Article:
The role of the university career centre evolves with the times

Career centres are providing students with a range of new options to help them with the changing job market.


Career centres are changing, trying to integrate what they do with the rest of the university, and providing students with the skills that will serve them throughout their professional lives – not just in finding their first job upon graduation.

Karen Foster, a postdoctoral fellow at St. Mary’s University, does research on youth unemployment and underemployment. She says that while universities are primarily institutions of higher learning, inherently different from colleges or vocational schools, they “do have some obligation to prepare students for the labour market.”

At the University of Regina, a hands-on approach to helping students find jobs is taken from day one. During frosh week, students are “bombarded” with information about the co-op program, paid internship placements and the unique “UR Guarantee” program, says Kevin Bolen, director of student employment and engagement.

The first cohort of students enrolled in the guarantee program graduated this year. They’ve spent the past four years receiving training on networking, resumé writing, interviewing skills and, for many, a series of job placements. If the participating students can’t find work within six months of graduation, the university promises to pay for another year of school for them, so they can hone existing skills or get another degree.

At most universities in Canada, career centres are not a priority, says Mr. Bolen: “Many career centres are self-funded, through employers paying for spots at job fairs, postings for students and space rental.” Heather Kelly, who runs the career centre at the University of Toronto, says this isn’t so at U of T. While they take in some money from employers, says Ms. Kelly, the university administration provides “the vast majority” of funds. U of T’s career centre, like many, is “changing with the times” she says. Ms. Kelly points to a pilot program run last year called Explore It, which paired a class of second-year political science students with recent graduates who have established successful careers. “It provided students with an opportunity to see that there are so many options out there, no matter what you’re studying,” she says.

U of T is one of five schools that make up the University Career Centre Metrics Working Group. The group, founded in 2007, also includes Trent University, Western University, University of Waterloo and University of Windsor. Composed of the directors of university career centres, the group collaborates on where they see value in their own practices, and how universities can improve what they do.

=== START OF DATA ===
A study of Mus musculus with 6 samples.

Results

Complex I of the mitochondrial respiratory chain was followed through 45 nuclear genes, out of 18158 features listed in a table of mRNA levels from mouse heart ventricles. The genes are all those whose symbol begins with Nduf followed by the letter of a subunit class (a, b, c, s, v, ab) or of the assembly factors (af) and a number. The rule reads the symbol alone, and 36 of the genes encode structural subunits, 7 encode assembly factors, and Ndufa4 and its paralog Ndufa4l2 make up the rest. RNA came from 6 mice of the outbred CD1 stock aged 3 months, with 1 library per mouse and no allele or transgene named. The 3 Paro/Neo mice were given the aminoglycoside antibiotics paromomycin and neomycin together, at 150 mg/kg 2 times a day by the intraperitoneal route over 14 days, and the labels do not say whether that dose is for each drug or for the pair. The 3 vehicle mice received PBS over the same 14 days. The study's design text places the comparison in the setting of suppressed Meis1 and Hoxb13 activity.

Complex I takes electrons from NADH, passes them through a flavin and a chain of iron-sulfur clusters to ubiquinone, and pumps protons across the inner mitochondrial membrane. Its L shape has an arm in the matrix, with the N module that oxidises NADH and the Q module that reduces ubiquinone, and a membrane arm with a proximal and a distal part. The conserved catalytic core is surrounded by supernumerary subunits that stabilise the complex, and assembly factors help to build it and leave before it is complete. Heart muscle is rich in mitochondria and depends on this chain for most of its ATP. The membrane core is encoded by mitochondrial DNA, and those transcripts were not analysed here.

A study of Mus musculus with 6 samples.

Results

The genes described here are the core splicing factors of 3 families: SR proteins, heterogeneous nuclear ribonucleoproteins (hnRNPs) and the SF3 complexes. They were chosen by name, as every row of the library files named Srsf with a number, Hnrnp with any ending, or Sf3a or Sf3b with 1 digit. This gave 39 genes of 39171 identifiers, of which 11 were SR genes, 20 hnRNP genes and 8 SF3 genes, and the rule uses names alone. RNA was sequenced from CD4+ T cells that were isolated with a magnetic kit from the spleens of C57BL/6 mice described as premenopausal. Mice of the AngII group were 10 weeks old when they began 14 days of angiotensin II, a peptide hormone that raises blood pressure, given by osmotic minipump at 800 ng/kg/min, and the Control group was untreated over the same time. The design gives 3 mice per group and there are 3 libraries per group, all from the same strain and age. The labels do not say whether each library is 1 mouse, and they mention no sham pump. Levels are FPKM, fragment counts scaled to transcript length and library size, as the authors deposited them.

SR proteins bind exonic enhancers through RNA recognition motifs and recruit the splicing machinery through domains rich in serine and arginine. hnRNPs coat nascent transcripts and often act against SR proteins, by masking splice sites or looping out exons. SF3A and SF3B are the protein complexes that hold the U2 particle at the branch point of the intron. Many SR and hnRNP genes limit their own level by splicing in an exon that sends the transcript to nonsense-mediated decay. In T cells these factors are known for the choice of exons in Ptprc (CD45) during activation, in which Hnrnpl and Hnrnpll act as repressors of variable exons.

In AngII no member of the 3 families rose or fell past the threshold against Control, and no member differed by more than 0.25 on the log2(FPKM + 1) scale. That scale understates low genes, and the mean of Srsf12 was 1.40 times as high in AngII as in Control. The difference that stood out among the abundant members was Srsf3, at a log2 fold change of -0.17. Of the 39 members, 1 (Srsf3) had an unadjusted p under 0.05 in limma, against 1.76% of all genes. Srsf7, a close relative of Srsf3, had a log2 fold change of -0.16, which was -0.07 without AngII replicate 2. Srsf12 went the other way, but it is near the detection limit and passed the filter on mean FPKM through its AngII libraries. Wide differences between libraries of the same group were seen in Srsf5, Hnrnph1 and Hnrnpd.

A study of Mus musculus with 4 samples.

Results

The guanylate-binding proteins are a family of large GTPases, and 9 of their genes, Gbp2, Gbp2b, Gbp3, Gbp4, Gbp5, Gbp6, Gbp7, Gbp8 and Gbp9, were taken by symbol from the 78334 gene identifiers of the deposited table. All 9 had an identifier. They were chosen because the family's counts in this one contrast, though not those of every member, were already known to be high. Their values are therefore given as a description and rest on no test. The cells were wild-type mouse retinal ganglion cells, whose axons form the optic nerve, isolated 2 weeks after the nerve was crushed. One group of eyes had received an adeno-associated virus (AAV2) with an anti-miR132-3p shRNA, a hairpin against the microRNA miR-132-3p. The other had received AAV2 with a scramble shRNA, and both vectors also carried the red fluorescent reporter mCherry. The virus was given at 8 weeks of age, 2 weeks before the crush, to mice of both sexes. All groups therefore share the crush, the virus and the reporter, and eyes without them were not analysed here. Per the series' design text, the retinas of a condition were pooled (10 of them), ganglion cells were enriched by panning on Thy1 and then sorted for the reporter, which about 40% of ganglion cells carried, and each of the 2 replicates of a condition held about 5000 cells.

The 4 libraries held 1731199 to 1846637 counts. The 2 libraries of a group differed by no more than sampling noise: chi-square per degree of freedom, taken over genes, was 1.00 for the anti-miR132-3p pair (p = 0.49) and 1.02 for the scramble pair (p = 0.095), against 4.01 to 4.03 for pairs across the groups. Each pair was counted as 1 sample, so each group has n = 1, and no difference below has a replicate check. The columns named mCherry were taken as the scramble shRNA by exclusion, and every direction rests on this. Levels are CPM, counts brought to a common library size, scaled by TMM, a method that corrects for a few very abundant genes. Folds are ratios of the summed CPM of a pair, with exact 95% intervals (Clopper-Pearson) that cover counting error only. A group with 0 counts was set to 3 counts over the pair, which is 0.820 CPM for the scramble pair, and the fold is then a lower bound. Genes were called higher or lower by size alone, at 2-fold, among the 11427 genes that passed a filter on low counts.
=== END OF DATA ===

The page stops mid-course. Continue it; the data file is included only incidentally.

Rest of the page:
Kristi Kerford, a founding member of the working group and director of the career centre at Trent, says “the mandate of a career centre is not to place students – it’s to help students gain skills to place themselves.” Ms. Kerford explains that the group came together to try and understand the impact they were having on students, and how to improve all their services, not just help students find jobs.

Ms. Kerford says that a university career centre needs to help students establish the skills that will serve them well at any point in their life. Students at Trent are predominantly in the arts and sciences and so may not have a well-defined career path. “When a nursing student comes to see me, it’s pretty straightforward. When it’s an English major, it’s less so. That’s why teaching skills, not just getting them a job, is so important,” Ms. Kerford says.

Across Canada, career centres are rolling out a variety of new programs designed to respond to a changing job market. At Ryerson University, the WhoPlusYou system is entering its third year. Instead of students searching for jobs, employers search for them. Students upload select information on a database that employers can access to search for graduates to match their needs.

At the University of British Columbia, the career centre is being merged with the Centre for Student Involvement. It’s part of a broader trend at UBC, but also across Canada, to try and integrate the whole university in career services. “Career is an outcome that can’t be owned by one office,” says Janet Teasdale, UBC’s director of student development.

While career centres try and integrate with other departments, and conduct outreach, they still often miss students who simply don’t know about the services on offer, or come in too late, says Jessica McCormick, national chairperson of the Canadian Federation of Students.

She sees the real problem as university administrations that do not focus on career education. “Career centres are often doing fantastic work but if the university doesn’t see helping students get jobs as part of its function, it’s very difficult.”

Ms. McCormick, who worked at the career centre at Memorial University while a student, believes that universities could do more to promote their services. “If a student doesn’t come in to the career centre until the end of fourth year, the options are far more limited” she says, explaining that often career centres have the resources to help, but students just don’t know about them, or aren’t seeking them out.

At the University of Regina, the focus on helping students find jobs is pervasive. All students, regardless of field of study, have to complete at least one semester of experiential learning, such as a co-op or internship. “We see our role differently from a lot of other schools” says Mr. Bolen, “parents like knowing there’s a practical part of every degree that can lead to a good paying job.”